The latest version of the Coordinated Border Management (CBM) Compendium contains a number of new features and aims to comprehensively support Customs administrations, Cross-Border Regulatory Agencies (CBRAs) and international organizations in strengthening implementation of CBM in various fields. The concept of CBM has existed for many years and refers to a coordinated approach by border control agencies, both domestic and international, in the context of seeking greater efficiencies in managing trade and travel flows, while maintaining a balance with compliance requirements.
The updated version of the Compendium briefly describes various WCO instruments and tools that are relevant to further supporting CBM implementation. Among these are the Revised Kyoto Convention, Risk Management, Single Window, the WCO Data Model and the SAFE Framework of Standards. It also recognizes that CBRAs are guided in their work by other international standards, and that it is necessary for both Customs and CBRAs to acquire a working knowledge of each other’s standards in order to arrive at a common understanding that enhances CBM.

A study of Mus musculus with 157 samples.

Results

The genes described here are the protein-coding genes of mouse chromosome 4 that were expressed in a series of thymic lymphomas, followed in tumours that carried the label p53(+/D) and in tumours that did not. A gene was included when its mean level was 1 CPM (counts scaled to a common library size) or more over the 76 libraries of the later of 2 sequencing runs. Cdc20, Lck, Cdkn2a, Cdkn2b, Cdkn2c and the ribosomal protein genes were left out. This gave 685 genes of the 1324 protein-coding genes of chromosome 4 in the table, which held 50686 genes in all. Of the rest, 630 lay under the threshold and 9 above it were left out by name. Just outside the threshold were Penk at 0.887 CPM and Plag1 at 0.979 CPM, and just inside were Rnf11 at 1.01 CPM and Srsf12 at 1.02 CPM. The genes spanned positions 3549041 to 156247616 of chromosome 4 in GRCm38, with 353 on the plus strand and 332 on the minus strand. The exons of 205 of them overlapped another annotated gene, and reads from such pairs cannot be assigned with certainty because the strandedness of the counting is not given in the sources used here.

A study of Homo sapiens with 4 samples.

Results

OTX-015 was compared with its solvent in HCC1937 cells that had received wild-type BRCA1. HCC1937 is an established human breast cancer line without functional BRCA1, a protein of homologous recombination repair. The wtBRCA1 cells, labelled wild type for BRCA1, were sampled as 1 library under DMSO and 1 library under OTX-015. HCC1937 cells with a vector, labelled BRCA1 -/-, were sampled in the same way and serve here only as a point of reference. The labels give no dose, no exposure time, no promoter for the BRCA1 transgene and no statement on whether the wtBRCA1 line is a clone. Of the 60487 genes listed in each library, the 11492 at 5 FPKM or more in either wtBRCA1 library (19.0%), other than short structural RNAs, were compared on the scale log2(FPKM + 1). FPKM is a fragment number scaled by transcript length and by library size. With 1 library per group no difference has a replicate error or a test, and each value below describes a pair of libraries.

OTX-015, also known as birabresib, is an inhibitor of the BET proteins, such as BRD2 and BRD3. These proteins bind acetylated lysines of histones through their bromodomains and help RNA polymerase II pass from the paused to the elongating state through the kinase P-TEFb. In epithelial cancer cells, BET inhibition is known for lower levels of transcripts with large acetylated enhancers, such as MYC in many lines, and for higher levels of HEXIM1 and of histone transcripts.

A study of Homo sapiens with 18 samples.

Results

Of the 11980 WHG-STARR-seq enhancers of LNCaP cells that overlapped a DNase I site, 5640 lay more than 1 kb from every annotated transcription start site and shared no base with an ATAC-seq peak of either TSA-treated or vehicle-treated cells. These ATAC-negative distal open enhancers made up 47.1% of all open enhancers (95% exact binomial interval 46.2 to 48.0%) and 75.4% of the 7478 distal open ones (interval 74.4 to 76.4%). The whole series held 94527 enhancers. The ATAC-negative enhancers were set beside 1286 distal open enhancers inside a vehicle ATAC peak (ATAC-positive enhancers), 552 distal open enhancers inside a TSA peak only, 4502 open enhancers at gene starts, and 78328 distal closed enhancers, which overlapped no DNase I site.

The Compendium also includes a new section on cooperation between the WCO and the UPU. This section sets out potential opportunities for cooperation between Customs administrations and designated postal operators, including the exchange of advance electronic data aimed at improving risk management, trade facilitation and control of postal items, particularly in the context of growing e-commerce via post.
Furthermore, the updated Compendium includes (in Annex I) examples of CBM-related practice and experience in the context of two countries, namely, Botswana and Finland. There is scope for other examples to be added during the next review/update of the Compendium.
The Customs-Police Cooperation Handbook, developed by the WCO and INTERPOL, has also been included in the Compendium (appended as Annex 2). The Handbook presents a clear approach for Customs administrations to assess their current level of efficiency and effectiveness in cooperating with their respective Police authorities, and encourages Customs administrations to explore avenues to further strengthen cooperation.
Against this backdrop, the WCO stands ready to support its Members with the implementation of the updated version of the CBM Compendium, with a view to improving cross-border trade and ensuring the security of international supply chains.